Jeremy Corbyn wanted ‘unrestricted immigration’ when he first arrived as a new MP at Westminster in 1983 and believed anyone who disagreed with him was racist, book reveals
- TOM BOWER spent 18 months speaking with people who know Jeremy Corbyn
- He is the author of Dangerous Hero: Corbyn’s Ruthless Plot For Power
- In this extract he reveals Corbyn’s early devotion to unrestricted immigration
Dressed in a dirty jacket and creased trousers, Jeremy Corbyn arrived in Westminster as a new MP in the summer of 1983.
He immediately told friends that Parliament was ‘a waste of time’ with no relevance to his Islington constituents, especially the immigrant communities.
To meet them, he set up offices in the Red Rose Centre in Holloway where his door was always open to a tide of human misery: Cypriots, Jamaicans, Indians, Pakistanis, South Africans, South Americans, Somalis, West Saharans and Kurds all sought his help.
Diane Abbott, Jeremy Corbyn and Bernie Grant in the House of Commons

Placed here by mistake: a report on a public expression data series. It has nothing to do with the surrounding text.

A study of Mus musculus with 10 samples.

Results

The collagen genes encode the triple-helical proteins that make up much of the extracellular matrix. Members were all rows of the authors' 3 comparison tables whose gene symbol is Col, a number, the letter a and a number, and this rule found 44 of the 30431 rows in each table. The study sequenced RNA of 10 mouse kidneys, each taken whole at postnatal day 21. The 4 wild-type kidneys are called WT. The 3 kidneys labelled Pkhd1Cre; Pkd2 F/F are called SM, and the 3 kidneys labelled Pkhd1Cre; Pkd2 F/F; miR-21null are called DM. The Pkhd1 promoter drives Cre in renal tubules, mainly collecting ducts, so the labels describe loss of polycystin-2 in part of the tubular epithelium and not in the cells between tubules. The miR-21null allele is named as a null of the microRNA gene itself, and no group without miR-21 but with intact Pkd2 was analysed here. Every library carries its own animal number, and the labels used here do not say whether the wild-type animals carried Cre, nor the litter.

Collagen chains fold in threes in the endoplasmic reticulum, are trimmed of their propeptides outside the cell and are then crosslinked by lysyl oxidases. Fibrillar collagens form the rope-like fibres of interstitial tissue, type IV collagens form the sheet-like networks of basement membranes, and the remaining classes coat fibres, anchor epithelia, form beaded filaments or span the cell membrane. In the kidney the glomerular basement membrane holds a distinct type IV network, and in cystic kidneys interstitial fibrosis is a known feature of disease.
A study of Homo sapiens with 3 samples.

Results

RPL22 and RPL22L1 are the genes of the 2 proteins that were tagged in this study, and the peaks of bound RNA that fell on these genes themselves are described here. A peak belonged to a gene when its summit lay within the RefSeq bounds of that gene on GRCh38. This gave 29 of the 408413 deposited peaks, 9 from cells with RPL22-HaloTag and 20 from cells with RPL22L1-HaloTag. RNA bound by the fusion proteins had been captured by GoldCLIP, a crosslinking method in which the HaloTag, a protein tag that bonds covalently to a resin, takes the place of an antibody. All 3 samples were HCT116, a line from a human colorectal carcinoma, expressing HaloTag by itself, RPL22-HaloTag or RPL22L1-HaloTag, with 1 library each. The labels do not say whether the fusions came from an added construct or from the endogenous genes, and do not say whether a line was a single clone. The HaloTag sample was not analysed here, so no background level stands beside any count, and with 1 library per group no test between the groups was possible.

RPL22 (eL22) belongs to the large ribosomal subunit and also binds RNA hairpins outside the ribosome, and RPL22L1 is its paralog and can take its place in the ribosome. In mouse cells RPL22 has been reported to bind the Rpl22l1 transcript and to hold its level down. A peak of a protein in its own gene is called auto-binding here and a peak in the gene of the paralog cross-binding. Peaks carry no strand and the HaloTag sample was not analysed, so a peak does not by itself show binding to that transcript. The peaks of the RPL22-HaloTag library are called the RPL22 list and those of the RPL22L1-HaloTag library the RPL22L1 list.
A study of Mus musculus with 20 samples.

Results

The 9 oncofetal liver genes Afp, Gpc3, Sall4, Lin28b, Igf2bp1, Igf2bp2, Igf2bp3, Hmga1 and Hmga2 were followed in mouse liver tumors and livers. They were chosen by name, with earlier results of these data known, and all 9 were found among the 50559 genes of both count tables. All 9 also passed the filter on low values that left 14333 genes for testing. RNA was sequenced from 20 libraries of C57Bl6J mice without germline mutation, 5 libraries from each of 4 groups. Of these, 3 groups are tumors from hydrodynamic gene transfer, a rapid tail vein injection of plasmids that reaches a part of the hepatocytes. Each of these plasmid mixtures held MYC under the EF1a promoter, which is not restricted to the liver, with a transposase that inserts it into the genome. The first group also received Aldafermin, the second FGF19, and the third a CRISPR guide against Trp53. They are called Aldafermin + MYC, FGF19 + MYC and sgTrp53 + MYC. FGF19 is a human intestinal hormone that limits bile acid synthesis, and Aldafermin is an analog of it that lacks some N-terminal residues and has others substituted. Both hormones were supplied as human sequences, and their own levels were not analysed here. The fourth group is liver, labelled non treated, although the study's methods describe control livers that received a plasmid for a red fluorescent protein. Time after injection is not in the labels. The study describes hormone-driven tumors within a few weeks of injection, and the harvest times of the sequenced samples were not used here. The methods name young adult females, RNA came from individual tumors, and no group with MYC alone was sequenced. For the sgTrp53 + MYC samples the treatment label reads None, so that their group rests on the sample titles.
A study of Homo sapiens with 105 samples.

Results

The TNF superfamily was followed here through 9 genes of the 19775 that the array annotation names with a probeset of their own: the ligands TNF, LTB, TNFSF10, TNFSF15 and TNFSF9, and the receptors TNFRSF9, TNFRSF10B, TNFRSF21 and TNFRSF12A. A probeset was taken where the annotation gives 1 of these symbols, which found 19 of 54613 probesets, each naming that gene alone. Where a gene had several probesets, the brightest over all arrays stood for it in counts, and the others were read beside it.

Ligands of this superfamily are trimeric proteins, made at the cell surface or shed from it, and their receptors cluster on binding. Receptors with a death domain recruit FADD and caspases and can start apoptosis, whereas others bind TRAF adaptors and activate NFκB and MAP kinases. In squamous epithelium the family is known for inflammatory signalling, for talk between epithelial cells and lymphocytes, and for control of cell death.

The procession of petitioners reinforced his conviction that Britain should allow unrestricted immigration – and offer the world’s destitute an open invitation to share our wealth.
In his opinion, all immigrant communities were victims of white imperialists, and the British state owed them a financial obligation. Anyone who disagreed was racist.
Four years later Corbyn was back in Westminster for another first day of the new Parliament.
In his opinion, all immigrant communities were victims of white imperialists, and the British state owed them a financial obligation
To celebrate a new era, Britain’s first three black MPs – all Labour – marched into the Commons chamber together.
Paul Boateng, Diane Abbott and Bernie Grant, together with the Asian Keith Vaz, each dressed in their parents’ national costumes, created an unprecedented spectacle as they walked towards the Speaker to take the oath.
Acting as part-supplicant and part-valet, Corbyn walked immediately behind, pleased to have a place as the honorary white man for the black caucus.
‘Look at Jeremy,’ said Brian Wilson, a new Scottish MP, to George Galloway, who had also been newly elected. ‘He would black up if he could.’